I recently published a series of YouTube videos which explain the basics of a framework called CTFS. You can use it to better understand the behavior of your Dialogflow chatbot.
It might be more useful if you watched the videos alongside the related blog posts.
What is the CTFS framework?
In the videos, I propose using the following 4 types of intents to study your chatbot conversation - candidate intents, target intents, fallback intents (similar to actual fallback intents) and surplus intents.
Once you understand the basic idea behind these different types of intents, you can use the following formula:
C = T + F + S
where C is the number of candidate intents, T is the number of target intents, F is the number of fallback intents and S is the number of surplus intents.
When designing your chatbot, your goal should be to minimize C and T at each step in the conversation, and eliminate S completely if possible.
Why use the framework?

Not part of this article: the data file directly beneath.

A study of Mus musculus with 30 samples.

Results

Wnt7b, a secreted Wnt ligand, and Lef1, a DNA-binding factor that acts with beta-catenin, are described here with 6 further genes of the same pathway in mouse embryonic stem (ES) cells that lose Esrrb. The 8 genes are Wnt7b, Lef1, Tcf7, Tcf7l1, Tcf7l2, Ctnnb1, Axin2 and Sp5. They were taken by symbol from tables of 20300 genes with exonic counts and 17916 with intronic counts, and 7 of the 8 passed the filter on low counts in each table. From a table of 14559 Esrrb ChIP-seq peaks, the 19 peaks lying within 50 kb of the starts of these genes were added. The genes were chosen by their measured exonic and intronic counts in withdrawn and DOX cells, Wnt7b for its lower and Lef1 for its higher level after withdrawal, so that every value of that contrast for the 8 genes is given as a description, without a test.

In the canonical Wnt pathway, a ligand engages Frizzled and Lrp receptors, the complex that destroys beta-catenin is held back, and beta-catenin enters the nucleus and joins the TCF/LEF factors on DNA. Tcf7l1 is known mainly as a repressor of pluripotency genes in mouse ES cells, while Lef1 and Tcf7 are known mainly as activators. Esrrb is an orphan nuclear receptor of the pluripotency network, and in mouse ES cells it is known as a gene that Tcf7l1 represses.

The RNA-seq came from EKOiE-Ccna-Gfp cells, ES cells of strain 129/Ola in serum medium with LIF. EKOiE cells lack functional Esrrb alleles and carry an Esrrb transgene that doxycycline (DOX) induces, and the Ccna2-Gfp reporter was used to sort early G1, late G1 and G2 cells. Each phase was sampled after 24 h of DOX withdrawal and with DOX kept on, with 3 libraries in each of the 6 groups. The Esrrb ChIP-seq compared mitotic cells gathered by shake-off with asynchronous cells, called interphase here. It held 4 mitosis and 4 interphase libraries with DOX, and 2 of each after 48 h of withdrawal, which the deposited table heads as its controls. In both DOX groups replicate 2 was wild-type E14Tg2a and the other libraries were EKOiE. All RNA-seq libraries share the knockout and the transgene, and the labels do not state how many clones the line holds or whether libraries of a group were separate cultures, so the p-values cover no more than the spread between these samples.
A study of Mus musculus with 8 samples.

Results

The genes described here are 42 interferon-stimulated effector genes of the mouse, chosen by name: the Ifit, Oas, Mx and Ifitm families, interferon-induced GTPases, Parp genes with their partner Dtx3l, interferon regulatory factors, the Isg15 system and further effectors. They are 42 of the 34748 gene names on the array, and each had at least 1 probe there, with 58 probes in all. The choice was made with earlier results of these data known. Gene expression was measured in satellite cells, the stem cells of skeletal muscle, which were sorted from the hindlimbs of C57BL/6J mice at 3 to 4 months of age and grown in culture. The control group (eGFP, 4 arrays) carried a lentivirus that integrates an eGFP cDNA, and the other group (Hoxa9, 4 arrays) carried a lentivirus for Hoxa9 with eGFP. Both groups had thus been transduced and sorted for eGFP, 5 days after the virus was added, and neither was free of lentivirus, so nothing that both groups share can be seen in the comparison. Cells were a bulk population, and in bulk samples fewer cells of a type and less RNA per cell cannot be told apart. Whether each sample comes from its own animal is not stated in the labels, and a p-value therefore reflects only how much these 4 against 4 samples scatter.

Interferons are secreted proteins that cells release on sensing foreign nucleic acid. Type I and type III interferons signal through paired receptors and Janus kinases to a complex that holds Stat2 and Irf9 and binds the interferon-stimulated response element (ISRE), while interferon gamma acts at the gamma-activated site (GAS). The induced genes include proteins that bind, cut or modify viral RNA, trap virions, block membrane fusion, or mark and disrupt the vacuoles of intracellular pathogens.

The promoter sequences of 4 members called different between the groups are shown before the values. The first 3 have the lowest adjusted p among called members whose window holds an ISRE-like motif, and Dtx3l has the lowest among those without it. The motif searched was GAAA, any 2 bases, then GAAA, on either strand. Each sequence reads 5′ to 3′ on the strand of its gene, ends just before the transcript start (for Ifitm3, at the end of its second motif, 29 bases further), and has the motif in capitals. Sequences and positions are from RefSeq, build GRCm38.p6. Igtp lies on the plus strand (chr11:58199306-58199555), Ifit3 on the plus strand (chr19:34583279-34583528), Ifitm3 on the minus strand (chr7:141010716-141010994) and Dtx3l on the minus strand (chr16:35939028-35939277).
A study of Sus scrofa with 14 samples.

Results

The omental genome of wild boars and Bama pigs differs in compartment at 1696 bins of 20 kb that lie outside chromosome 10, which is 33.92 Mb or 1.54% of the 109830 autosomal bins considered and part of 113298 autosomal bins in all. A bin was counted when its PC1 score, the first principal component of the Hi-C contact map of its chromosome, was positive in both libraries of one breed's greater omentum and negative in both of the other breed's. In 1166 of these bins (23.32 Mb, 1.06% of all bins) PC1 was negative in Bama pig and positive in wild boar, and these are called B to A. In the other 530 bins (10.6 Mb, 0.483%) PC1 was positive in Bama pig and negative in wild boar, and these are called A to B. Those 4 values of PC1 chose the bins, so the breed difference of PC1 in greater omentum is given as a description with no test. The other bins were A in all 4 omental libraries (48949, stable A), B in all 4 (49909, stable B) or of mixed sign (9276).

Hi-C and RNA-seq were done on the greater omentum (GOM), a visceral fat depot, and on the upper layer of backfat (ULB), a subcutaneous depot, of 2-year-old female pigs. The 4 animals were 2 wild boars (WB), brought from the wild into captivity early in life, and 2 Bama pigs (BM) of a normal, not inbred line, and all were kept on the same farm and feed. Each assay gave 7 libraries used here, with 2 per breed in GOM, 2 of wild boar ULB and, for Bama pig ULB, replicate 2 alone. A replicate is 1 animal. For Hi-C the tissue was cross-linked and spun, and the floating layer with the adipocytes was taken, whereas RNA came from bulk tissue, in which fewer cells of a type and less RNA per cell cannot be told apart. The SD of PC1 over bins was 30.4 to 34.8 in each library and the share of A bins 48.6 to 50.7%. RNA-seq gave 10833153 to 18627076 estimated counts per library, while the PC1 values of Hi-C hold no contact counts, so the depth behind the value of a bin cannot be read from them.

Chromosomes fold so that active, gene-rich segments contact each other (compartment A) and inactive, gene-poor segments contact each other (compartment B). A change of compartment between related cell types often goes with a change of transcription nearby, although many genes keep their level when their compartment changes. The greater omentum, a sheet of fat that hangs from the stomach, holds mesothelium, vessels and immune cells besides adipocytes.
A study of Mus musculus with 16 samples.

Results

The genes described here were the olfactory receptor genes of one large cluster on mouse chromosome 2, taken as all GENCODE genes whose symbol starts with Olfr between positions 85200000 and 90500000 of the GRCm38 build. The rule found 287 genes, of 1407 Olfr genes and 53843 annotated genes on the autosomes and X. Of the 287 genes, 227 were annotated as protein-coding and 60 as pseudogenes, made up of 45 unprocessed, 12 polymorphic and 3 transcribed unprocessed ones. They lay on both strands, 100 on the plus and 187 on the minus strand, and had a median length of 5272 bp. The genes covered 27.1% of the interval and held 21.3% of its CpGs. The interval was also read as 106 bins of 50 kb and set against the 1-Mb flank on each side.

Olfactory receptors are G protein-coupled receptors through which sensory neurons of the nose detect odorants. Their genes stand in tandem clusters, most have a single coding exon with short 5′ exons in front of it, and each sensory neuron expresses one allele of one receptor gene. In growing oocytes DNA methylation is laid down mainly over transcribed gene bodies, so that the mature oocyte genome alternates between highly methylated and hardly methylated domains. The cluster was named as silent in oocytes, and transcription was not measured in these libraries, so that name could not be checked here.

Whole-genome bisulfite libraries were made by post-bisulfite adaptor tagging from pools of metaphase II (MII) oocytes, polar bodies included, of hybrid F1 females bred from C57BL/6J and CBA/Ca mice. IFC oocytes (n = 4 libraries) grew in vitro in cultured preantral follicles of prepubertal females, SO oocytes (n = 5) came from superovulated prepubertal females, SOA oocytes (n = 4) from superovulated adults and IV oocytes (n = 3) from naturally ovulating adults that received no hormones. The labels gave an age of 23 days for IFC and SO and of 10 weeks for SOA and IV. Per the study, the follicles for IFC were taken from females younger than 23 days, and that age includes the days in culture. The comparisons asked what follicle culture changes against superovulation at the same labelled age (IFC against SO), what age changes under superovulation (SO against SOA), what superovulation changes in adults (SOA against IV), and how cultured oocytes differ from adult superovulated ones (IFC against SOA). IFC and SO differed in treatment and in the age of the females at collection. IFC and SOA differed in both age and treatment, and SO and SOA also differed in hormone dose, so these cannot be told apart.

It is certainly possible to design your Dialogflow bot without using this framework. For example, suppose you have a one-and-done FAQ chatbot where users never ask any followup questions. You can just design your chatbot using nothing more than a CSV file which has all the questions and answers.
If you choose to use the framework, it will help you do the following:
- predict which intent will get mapped with greater accurary
- avoid the mapping of the wrong intents (for that step in the conversation)
- choose good contexts for your dialog
- by reducing the number of target intents, you can study your chatbot's behavior systematically
- Set up better Chatbase funnels
- Create complex analytics
In other words, if you are building a hobby bot, or just building a chatbot for your own learning, you should skip learning about the framework.
If you are building a more commercial grade chatbot, this framework can help you build Dialogflow chatbots which have predictable behavior.